August 25, 2017
Recent Public Health Sciences alumna Niamh Mulrooney ’17 has received an Oak Ridge Institute for Science and Education (ORISE) Research Fellowship to work at the National Institute of Allergy and Infectious Diseases (NIAID), part of the National Institutes of Health (NIH).
ORISE connects the most talented and diverse students, recent graduates, faculty and educators to programs closely aligned with the interests of a variety of research facilities, including those managed for the U.S. Department of Energy (DOE) and more than a dozen other federal agencies. It administers a broad range of internships, fellowships, and research experiences available primarily to those pursuing science, technology, engineering, and math (STEM) disciplines, including undergraduate and graduate students, recent graduates, postdocs, and university faculty members. Programs are offered at DOE national laboratories and other federal agencies with research facilities located across the country as well as some locations outside the United States.
Mulrooney’s fellowship will provide her with a variety of experiences as she rotates through NIAID’s various research divisions, beginning with the Division of Microbiology and Infectious Diseases and continuing on to the Division of Clinical Research, Vaccine Research Center, the Division of Intramural Research, the Division of Allergy, Immunology, and Transplantation and the Division of AIDS. She also may have the opportunity to explore external agencies outside of NIH in her rotations.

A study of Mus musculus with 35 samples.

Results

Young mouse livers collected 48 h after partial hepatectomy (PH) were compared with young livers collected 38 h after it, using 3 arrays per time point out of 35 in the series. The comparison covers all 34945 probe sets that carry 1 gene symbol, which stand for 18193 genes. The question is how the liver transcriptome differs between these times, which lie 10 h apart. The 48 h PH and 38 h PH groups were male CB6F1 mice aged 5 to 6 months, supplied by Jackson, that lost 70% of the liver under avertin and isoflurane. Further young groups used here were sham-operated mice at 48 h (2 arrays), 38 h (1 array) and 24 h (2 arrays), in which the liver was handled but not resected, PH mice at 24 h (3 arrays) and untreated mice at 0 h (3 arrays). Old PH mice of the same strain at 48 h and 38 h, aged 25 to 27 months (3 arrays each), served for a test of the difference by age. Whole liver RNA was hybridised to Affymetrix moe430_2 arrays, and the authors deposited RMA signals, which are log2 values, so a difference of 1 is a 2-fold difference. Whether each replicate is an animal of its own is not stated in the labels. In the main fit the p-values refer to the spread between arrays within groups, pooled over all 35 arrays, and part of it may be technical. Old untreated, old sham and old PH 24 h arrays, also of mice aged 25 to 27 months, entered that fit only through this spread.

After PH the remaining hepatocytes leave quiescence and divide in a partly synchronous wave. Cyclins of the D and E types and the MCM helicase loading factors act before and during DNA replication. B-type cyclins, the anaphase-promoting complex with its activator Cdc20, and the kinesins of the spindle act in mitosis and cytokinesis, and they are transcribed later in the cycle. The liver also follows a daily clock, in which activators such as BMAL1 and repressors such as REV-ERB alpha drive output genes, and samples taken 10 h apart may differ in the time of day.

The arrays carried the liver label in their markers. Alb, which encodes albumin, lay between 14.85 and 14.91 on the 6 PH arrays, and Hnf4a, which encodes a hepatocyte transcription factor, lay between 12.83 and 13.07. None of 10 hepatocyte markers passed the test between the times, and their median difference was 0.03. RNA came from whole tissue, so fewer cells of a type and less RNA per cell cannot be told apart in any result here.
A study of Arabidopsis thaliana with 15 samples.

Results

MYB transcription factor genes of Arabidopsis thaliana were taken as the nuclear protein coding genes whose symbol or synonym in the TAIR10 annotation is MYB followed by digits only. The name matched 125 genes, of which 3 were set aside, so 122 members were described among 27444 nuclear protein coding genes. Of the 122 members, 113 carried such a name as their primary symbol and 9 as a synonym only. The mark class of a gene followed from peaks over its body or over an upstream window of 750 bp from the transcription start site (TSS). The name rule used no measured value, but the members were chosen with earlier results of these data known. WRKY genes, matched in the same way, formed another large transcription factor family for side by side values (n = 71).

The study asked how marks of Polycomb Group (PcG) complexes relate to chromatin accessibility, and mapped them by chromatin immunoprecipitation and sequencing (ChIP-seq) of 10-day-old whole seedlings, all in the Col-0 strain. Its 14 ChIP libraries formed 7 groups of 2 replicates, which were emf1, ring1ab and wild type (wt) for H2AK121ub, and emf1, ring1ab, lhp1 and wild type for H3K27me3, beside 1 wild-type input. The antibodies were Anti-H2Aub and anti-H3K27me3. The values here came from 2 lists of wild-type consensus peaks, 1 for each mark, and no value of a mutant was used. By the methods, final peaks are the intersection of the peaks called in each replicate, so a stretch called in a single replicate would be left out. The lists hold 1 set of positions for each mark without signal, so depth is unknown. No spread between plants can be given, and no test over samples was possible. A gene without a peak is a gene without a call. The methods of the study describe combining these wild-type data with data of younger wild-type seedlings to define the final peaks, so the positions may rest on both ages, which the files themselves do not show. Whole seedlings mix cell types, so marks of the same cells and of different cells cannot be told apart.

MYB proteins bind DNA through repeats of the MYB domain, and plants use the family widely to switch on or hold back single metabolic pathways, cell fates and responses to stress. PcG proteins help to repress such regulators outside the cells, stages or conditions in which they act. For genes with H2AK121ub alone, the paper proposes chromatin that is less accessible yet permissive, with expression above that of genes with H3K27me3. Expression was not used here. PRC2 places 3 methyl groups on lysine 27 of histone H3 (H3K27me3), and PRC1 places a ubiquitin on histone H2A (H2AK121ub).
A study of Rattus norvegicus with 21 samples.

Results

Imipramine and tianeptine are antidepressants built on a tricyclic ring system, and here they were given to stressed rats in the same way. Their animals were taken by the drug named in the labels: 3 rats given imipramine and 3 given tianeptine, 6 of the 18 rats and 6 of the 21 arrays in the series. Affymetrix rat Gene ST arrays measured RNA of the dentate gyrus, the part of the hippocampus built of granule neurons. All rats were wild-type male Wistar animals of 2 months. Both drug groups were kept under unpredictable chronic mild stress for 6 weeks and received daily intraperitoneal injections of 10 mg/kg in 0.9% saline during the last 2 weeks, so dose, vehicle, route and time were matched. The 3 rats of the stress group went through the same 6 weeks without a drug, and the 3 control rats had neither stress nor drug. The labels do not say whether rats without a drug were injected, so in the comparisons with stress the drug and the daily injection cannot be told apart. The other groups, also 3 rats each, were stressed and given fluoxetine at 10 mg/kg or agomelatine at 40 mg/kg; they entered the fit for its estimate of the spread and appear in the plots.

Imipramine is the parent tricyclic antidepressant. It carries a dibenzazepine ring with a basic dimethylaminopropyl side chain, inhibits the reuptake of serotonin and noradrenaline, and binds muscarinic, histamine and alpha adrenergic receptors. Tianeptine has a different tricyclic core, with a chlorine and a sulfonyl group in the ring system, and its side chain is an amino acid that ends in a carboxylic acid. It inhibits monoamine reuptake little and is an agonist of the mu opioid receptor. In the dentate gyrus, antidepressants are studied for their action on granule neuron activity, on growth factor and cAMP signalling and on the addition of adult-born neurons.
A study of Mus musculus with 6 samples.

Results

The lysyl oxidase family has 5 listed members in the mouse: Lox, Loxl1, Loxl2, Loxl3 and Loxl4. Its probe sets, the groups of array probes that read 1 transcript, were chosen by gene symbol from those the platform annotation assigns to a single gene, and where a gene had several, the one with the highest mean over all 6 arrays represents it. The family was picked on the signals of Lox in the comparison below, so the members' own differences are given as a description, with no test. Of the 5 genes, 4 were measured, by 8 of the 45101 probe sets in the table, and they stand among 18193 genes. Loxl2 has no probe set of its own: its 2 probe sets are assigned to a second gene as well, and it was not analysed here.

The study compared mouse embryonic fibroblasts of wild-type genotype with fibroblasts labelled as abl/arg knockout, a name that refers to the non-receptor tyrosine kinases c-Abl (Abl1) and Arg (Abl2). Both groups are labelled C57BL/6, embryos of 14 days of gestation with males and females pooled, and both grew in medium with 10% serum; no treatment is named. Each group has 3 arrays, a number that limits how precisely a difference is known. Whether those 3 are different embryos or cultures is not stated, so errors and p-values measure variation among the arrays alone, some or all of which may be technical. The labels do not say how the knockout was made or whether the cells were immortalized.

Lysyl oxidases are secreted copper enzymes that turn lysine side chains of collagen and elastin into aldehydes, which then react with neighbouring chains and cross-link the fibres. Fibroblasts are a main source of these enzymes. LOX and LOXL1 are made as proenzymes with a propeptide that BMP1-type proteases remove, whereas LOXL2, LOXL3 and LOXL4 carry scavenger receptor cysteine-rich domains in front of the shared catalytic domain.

“All of my rotations will sit under the umbrella of infectious diseases and global health,” Mulrooney says, “but specifically on bioinformatics and data science and how multidisciplinary areas of research attempt to solve the world's most pressing global health challenges. I have been paired with wonderful designated mentors and work with a smart and supportive team here at NIH. During my fellowship I will eventually be working on an individual, independent project that brings together the goals of the program and my own specific interests.”
She adds, “I have always been passionate about global health, and I have to pinch myself when I walk in the doors at NIAID each morning because I'm at the forefront of this rapidly expanding field. I would absolutely not be in this position without the School of Public Health and Health Sciences. Each and every day, through peers, professors and advisers, I felt inspired by the Public Health Sciences program to identify the synergy between science and people, and to grow as a student, scientist and human. I am so grateful to have been a part of this unique and dynamic community for four life-changing years.”
Mulrooney plans to eventually enroll in a dual degree MD/MPH program, after which she intends on practicing family medicine or specializing in pediatric infectious diseases, tying together her love of public health and clinical application.
“The NIH ORISE Research Fellowship will not only provide me with an essential professional and scientific network and skill-set for the road ahead, but also a deeper understanding of the current progress, successes and challenges of the global health field,” she says. “As a fellow, I am already gaining insight into the important role of federal agencies on research developments that improve the health of people across the world. Most importantly, I have the opportunity to talk to a variety of fascinating professionals at NIH and NIAID through informational interviews and learn about their unique journeys, which has great value in deciding the career path I want to take.”